Ralph Breaks the Internet
Mission: Impossible - Fallout
| Fresh (10)
| Rotten (1)
Arcadia is a frequently fascinating, often unsettling look at traditions and places that can often feel like they are vanishing before our eyes.
After a gentle introduction which could almost begin any straightforward look at the subject, things begin to get a little weird.
It makes for pretty tedious watching, though the harsher side of our treatment of animals and an eerie score from Adrian Utley (Portishead) and Will Gregory (Goldfrapp) give it an edge.
While it's charged and witty, its messages are all over the place.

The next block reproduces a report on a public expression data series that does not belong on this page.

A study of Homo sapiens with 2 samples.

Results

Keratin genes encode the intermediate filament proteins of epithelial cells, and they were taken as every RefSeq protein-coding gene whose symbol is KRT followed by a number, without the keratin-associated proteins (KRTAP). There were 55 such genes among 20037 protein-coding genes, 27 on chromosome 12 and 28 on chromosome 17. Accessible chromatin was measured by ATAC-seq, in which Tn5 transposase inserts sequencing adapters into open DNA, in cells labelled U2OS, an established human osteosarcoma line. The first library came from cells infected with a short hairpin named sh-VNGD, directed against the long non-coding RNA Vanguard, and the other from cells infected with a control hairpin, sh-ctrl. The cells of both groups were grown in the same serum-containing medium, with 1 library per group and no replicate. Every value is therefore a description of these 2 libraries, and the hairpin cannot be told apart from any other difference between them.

There's a maudlin tone here and a tragic sense of loss...that makes it ineffably compelling.
Arcadia layers its tumbling images to form a portrait of an idiosyncratic nation that hasn't so much lost its way, but rather fallen out of love with itself.
Where it really scores is in Wright's instinctive, somewhat Lynchian feel for the unexpectedly disturbing quality that seemingly benign images of soil or folk costumes take on when they are slowed down or magnified.
Arcadia is a seductive piece of work. Approach it as you might a rich and strange piece of music.
Arcadia is a kaleidoscopic critical commentary on how swathes of the British countryside have been eroded by increasing urbanization, resulting in despair, alienation, and pockets of spiritual malaise.
Gorgeous fields shimmer; time-lapse plants shoot; naturists gyre and gimbal; pagan rites are hinted at.
You don't need to be English - or even British - to appreciate this brilliantly constructed film.